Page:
A group of Jewish Americans says its members are fed up with the war being waged against Christmas. Yesterday, at a National Press Club gathering in Washington, the group's president, Don Feder, voiced his organization's feelings when he declared, “Jews Against Anti-Christian Defamation is here today to say, 'Enough already. If you're offended by a municipal Christmas tree or Santa Claus in a holiday parade or a manger in a park, get over it.'”
Feder went on to say that banning the word “Christmas” and other references to Jesus makes no sense in the United States. “This is an overwhelmingly Christian nation, and it's a matter of simple courtesy to acknowledge a holiday celebrated by 96 percent of the American people,” he asserted.
In a recent column for GrasstopsUSA.com, Feder confessed to being among the four percent of Americans who do not celebrate Christmas. But he also admitted that while growing up, he sang Christmas carols and made Christmas ornaments. “And, guess what,” he said. “I wasn’t emotionally scarred for life.”
While speaking at the National Press Club, the head of Jews Against Anti-Christian Defamation (JAACD) called on Jews across the U.S. to rise in defense of Christians' right to say “Merry Christmas” and to celebrate the birth of Jesus according to their faith and traditions without the threat of being prohibited or censured because of political correctness.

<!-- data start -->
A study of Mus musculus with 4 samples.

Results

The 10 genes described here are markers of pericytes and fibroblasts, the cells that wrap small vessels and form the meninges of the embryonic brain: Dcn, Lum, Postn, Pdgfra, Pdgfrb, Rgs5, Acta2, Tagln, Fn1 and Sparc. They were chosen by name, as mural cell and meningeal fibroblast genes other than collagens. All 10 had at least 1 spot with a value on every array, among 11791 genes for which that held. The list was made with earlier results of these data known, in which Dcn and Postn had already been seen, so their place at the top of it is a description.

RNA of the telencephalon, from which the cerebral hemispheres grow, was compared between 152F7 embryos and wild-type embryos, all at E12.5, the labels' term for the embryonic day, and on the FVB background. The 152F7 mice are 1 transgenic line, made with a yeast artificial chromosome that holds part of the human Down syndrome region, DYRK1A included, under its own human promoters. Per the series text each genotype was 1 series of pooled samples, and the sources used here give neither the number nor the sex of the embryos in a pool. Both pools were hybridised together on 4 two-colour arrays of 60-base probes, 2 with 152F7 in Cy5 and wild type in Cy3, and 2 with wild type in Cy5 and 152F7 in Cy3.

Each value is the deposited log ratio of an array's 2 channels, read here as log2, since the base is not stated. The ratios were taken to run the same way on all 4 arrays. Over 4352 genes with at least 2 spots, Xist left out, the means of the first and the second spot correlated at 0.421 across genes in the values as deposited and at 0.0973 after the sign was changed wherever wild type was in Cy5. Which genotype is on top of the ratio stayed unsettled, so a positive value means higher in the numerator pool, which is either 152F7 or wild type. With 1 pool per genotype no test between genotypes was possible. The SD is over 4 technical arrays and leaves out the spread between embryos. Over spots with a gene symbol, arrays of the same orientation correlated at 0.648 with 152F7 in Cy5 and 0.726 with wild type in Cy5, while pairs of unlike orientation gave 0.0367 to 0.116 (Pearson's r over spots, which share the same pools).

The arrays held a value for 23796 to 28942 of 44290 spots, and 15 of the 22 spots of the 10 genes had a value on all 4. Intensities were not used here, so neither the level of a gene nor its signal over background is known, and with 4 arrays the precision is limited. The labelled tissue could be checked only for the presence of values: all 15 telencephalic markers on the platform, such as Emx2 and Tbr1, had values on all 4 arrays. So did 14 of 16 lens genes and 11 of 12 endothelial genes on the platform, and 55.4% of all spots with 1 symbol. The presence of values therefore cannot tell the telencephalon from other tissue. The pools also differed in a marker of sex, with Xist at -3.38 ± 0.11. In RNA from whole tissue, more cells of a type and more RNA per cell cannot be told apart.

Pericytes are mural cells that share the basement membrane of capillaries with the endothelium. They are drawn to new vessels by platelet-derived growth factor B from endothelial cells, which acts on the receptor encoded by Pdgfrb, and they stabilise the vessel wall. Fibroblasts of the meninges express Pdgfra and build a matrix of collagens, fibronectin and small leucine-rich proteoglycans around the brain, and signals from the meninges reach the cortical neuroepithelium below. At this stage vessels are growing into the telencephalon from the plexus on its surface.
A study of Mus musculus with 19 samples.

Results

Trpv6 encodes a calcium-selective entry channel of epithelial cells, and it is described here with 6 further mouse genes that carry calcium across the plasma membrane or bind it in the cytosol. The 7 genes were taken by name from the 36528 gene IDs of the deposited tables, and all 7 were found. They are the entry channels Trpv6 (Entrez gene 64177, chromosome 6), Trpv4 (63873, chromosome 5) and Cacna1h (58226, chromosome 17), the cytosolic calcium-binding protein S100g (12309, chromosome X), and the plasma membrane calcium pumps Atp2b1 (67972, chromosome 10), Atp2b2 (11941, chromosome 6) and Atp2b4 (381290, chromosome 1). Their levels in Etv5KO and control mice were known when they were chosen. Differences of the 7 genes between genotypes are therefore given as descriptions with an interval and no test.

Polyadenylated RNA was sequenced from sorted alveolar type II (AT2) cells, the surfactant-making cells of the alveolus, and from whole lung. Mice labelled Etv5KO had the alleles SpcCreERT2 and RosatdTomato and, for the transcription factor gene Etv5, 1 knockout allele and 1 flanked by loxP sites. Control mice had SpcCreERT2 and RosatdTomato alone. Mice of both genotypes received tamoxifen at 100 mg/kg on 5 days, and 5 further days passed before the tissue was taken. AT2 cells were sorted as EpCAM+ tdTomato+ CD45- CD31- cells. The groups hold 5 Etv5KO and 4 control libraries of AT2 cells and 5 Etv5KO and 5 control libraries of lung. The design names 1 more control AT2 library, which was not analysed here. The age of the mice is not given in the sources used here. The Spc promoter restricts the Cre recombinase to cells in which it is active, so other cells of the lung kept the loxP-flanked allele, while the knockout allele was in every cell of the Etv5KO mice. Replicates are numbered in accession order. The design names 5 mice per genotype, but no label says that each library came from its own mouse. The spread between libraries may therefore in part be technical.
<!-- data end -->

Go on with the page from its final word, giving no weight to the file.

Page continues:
“Why would a group of Jews who don't celebrate Christmas care about the disappearance of Christmas?” Feder asked, anticipating the question from his listeners. “Because Christmas is disappearing,” he proceeded to explain. “It's disappearing from our culture at an alarming rate, disappearing from stores, disappearing from schools, and disappearing from the public square.”
The JAACD spokesman noted his group called the press conference because it wanted to speak out against what he calls the “War on Christmas” — ongoing efforts to purge Christmas from the nation's public events and sites, retail establishments, and the culture in general. He went on to emphasize his organization's contention that Jews and, indeed, Americans of all faiths need to be concerned about this phenomenon.
Feder asserts that the United States was built on the principles of Judeo-Christian ethics, and it is important for the nation to maintain the right of its citizens to celebrate those principles and the birth of the one from whom they emanate. Meanwhile, he adds, hypersensitive non-believers need to get over their issues with Christmas and respectfully allow the expression of the beliefs of the majority of Americans.
(This article courtesy of Agape Press.)